Mr Obama said a regional approach was needed to fight terrorism
US President Barack Obama has said his administration will not allow "safe havens" for militants in Pakistan's tribal region bordering Afghanistan.
Mr Obama's comments at his first White House prime-time news conference came as his envoy to the region, Richard Holbrooke, arrived in Pakistan.
Mr Holbrooke, who said he was there to "listen and learn" about the region, began key meetings on Tuesday.
Mr Holbrooke earlier said the situation in Pakistan was "dire".
Mr Obama said Mr Holbrooke would convey his message to Islamabad.
"My bottom line is that we cannot allow al-Qaeda to operate," he said. "We cannot have those safe havens in that region."
Mr Obama added: "We're going to have to work both smartly and effectively, but with consistency in order to make sure that those safe havens don't exist."
The US president said he had appointed Mr Holbrooke as a special envoy for Pakistan and Afghanistan to give a new focus to dealing with terrorism.
"I've sent over Richard Holbrooke - one of our top diplomats - to evaluate a regional approach," he said. "We are going to need more effective coordination of our military efforts with diplomatic efforts, with development efforts, with more effective coordination with our allies in order for us to be successful."
Mr Obama said he had no schedule for the withdrawal of US troops from Afghanistan.
"I do not have yet a timetable for how long that's going to take. What I know is... I'm not going to allow al-Qaeda or Osama Bin Laden to operate with impunity, planning attacks on the US homeland."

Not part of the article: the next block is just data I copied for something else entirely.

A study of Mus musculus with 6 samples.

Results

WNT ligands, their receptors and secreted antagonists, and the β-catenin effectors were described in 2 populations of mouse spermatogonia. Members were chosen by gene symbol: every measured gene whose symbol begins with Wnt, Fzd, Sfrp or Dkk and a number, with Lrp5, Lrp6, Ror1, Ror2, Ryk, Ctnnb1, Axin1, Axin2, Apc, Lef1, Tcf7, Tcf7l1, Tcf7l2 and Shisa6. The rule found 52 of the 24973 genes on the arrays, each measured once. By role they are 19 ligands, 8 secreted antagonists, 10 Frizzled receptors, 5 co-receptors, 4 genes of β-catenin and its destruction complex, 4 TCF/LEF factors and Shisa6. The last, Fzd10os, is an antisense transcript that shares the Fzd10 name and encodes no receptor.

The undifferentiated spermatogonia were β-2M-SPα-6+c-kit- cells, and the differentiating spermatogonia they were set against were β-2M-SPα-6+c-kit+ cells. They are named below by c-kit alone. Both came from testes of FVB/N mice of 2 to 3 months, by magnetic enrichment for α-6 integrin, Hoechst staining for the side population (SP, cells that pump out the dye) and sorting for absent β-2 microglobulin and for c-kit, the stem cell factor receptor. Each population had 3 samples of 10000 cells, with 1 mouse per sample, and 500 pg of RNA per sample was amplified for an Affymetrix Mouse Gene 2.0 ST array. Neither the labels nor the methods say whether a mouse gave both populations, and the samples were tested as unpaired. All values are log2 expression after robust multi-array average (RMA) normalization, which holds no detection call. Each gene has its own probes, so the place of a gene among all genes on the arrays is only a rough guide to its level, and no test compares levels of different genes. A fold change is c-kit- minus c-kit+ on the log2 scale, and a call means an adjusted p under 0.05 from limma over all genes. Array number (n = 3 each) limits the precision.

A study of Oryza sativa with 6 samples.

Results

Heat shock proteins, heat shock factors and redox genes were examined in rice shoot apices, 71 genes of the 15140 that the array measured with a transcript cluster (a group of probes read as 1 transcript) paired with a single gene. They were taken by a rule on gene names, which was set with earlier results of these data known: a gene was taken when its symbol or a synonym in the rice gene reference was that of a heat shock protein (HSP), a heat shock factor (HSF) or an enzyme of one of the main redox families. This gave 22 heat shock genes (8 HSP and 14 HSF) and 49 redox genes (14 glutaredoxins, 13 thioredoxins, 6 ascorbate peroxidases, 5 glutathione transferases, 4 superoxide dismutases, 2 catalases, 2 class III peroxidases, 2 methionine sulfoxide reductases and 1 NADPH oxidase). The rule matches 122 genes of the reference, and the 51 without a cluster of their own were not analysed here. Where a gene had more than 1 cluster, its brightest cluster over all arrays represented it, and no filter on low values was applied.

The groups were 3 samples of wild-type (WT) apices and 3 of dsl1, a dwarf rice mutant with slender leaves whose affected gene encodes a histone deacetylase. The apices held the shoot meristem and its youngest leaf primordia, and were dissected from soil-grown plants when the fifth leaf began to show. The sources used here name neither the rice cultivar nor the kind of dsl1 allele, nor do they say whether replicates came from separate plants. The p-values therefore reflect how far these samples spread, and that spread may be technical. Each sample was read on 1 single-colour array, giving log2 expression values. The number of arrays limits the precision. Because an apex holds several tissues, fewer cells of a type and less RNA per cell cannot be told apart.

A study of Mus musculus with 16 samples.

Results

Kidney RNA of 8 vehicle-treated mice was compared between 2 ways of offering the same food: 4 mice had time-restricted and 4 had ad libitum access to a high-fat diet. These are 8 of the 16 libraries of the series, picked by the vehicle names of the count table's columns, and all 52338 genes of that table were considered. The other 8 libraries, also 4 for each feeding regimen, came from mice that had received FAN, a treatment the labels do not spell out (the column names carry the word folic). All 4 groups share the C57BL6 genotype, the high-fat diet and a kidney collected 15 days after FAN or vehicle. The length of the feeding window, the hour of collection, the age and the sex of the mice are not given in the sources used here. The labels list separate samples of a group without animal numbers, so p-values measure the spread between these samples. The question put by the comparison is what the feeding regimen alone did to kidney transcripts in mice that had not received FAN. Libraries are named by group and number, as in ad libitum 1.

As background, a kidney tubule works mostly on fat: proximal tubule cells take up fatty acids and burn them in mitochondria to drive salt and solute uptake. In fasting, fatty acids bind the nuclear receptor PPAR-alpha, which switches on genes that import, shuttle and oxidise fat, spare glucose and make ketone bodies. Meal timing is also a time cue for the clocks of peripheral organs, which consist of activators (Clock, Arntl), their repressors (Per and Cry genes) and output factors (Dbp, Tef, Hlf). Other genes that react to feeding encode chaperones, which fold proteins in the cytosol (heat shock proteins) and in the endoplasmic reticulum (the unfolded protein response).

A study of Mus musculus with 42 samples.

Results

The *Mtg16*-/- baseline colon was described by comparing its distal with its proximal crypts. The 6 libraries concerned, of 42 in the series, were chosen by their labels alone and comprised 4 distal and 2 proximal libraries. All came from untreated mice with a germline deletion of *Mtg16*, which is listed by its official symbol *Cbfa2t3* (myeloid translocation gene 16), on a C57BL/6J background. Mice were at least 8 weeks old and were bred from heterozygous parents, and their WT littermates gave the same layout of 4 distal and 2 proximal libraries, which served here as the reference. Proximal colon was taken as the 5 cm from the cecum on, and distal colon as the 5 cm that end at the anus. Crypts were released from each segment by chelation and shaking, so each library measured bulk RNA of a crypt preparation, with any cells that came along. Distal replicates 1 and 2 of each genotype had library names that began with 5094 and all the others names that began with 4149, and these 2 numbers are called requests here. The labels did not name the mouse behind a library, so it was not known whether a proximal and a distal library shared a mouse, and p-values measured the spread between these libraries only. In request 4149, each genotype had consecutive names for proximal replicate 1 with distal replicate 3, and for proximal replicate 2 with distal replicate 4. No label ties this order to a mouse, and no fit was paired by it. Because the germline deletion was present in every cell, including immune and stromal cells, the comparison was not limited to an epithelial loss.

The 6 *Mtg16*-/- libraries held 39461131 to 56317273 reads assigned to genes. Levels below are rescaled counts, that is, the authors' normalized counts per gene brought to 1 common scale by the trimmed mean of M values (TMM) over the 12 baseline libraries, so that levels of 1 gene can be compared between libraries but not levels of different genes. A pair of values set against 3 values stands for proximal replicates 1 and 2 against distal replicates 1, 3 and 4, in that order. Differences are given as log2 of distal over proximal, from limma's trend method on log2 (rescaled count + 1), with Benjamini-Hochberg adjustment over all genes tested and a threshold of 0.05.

Mr Holbrooke met Pakistani Foreign Minister Shah Mehmood Qureshi on Tuesday and will later meet President Asif Ali Zardari and Prime Minister Yusuf Raza Gilani.
Security tops the agenda for Mr Qureshi and Mr Holbrooke
The BBC's M Ilyas Khan in Islamabad says the main Pakistani focus will be trying to squeeze more money out of the US, particularly for reconstruction in the tribal areas and the revival of a US bill pledging long-term assistance that has been gathering dust in Washington.
Mr Holbrooke will be well aware of his financial leverage, our correspondent says, and will be pushing to devise mechanisms that will minimise the role of the Pakistani security establishment in charting the country's geo-political strategies.
The envoy is likely to restate the need for Pakistan to do more to tackle militants and express concern over the recent release of disgraced nuclear scientist AQ Khan from house arrest.
Pakistan in turn has repeatedly criticised US drone attacks on militants in its territory.
The fallout from the Mumbai (Bombay) attacks will also be on Mr Holbrooke's agenda.
Mr Holbrooke will stay in Pakistan until Thursday and is due to visit Afghanistan and India.